When you go out of your way to antagonize people, they become antagonized. Surprise!
When Donald Trump told the assembled crowd on January 6 that "if you don't fight like hell, you're not going to have a country anymore," he was following a long tradition in American politics. Both parties have spent generations catastrophizing the effects of opposition victory. The "Flight 93 election" narrative common in 2016 was there in 2008 as well, as many people were terrified at the thought of Barack Obama as President. I was scolded many times for not supporting John McCain because of the danger Obama represented. This is hardly new: The "Daisy" commercial in 1964 promised nuclear war if Barry Goldwater was elected President.
Politically, catastrophizing the opposition does have short-term political effectiveness, but it is not sustainable in the long term. You may convince wavering conservatives (or wavering liberals) to support your candidate or party in the general election, but eventually, people start believing it all the time and about all contests. And that is why we have this:
The polls by the University of Virginia Center for Politics shows a nation at war with itself. Fifty-two percent of Biden supporters say Republicans are now a threat to American life while 47 percent of Trump supporters say the same about Democrats.
Among Biden supporters, 41 percent now believe violence is justified "to stop [Republicans] from achieving their goals." An almost identical percentage, 38 percent, of Trump supporters now embrace violence to stop Democrats.
Furthermore, if a candidate or elected official does not use catastrophic rhetoric, he is "blind to reality" and the terrible things that will happen if the other guy wins. Donald Trump is a modern incarnation of Adolf Hitler, and liberal Democrats will implement a Soviet Holodomor if they win the 2024 election. If you do not speak of the opposition that way, then you will be pushed aside in favor of someone who will.
Embracing obnoxious rhetoric and reveling in "owning the libs" does not help. By polling data, Republicans want a candidate who makes liberals angry. Not only is this politically counterproductive, this encourages catastrophizing among liberals. When Republicans say outrageous things to get a reaction, people take them seriously. And then they wonder why people have "Trump Derangement Syndrome" after Trump has spent the last decade needlessly antagonizing people. The same is true for Trump's imitators on the Right. Here is a hint: When you go out of your way to antagonize people, they become antagonized. Duh.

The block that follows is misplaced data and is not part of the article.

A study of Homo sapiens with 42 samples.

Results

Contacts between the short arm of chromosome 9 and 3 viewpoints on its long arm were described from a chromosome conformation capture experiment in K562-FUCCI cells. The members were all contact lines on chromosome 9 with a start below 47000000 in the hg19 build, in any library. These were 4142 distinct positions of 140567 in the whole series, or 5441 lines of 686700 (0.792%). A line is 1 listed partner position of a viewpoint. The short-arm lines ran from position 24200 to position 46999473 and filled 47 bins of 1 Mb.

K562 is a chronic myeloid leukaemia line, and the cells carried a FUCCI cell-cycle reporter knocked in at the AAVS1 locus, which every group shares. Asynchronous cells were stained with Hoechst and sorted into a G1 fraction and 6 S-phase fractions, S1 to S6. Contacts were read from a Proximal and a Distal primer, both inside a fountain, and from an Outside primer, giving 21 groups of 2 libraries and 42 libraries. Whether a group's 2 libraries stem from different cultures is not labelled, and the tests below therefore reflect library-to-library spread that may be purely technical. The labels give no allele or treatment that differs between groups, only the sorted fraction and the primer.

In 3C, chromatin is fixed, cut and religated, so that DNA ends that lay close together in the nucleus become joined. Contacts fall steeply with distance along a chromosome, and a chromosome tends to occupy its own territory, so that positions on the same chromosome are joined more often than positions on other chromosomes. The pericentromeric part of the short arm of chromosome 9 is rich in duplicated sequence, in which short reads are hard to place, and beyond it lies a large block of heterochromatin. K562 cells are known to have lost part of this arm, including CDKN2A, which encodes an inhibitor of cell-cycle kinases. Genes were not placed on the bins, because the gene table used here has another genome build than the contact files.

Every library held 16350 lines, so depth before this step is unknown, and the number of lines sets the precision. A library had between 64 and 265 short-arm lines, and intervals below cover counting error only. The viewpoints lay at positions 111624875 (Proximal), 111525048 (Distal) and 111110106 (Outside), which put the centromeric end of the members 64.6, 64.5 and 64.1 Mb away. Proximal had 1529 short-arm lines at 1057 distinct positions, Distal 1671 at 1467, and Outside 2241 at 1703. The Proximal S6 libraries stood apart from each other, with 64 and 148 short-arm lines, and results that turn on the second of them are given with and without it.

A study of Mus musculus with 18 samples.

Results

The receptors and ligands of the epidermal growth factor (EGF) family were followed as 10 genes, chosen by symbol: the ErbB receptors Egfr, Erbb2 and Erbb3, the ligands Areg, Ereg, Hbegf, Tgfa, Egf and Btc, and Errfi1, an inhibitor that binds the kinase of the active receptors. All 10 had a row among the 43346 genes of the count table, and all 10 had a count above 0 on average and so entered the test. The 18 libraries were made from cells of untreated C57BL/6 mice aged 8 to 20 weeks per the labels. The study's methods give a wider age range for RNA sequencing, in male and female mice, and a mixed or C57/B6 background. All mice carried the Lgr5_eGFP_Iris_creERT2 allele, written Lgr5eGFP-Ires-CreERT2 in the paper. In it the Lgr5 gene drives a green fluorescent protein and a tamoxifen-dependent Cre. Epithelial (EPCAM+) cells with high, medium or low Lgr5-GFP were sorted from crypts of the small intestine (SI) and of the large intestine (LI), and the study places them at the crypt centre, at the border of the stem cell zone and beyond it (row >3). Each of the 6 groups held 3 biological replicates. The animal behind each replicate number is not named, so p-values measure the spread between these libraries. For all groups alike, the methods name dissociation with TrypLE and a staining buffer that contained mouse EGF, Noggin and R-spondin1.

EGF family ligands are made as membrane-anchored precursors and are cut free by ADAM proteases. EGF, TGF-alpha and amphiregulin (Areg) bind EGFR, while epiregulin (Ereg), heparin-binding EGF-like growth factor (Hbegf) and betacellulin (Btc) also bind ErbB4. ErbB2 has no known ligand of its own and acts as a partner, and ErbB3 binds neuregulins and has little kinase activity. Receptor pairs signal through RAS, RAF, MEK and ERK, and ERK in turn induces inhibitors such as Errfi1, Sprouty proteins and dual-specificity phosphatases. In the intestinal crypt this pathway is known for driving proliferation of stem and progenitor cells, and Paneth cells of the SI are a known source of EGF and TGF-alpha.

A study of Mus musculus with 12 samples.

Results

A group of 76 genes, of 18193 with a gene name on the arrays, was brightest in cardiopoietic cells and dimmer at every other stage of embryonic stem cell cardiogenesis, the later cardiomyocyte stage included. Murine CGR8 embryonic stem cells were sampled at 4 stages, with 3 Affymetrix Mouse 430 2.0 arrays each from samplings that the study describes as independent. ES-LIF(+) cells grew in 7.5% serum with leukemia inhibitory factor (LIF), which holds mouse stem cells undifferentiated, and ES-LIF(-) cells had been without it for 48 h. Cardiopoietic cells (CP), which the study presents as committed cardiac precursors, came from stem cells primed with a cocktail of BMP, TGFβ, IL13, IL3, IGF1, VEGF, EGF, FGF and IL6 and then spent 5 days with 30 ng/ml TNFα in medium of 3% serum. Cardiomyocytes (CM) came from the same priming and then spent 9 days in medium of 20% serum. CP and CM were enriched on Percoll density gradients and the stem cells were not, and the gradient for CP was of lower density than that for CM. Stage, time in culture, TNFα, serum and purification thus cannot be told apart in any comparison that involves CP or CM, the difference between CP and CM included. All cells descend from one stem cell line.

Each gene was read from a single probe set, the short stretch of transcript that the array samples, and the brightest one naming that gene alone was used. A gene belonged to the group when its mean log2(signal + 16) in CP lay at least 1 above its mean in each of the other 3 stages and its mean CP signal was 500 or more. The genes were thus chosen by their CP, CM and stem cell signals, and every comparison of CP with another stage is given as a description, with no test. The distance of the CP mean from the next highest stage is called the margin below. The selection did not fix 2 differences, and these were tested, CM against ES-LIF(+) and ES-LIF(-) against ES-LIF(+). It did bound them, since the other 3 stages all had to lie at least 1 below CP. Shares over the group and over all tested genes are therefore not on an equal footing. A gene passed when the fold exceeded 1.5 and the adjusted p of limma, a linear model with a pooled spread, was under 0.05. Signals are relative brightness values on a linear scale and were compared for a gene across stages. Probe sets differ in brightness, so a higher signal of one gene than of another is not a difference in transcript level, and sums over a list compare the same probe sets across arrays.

The same is true on the Left.
We all need to be better, and seek to lower the temperature by avoiding unnecessarily inflammatory rhetoric. Who should be the first person on that list? That would be the author of this newsletter. When I read the article at Fox, the first thing I thought about is my own catastrophizing rhetoric about Democrats and Leftists. This does not mean that everything I have said was wrong, and sometimes you do have to point to the dangerous consequences of ideology or policy. For example, Bloomington Democrats actually did put a political agenda over public safety with traffic policy, and the crash statistics prove it. But I do need to think about what I say more carefully, especially about domestic policy, and whether my rhetoric is fearmongering, and whether I am contributing to needless negative partisanship.
So yes, speak honestly on policy and the consequences of that policy. Honestly analyze a politician's policy platform. But what we do not want to do - or at least should not want to do - is paint a picture that is so bleak that the only way out is bloody street battles or open civil war.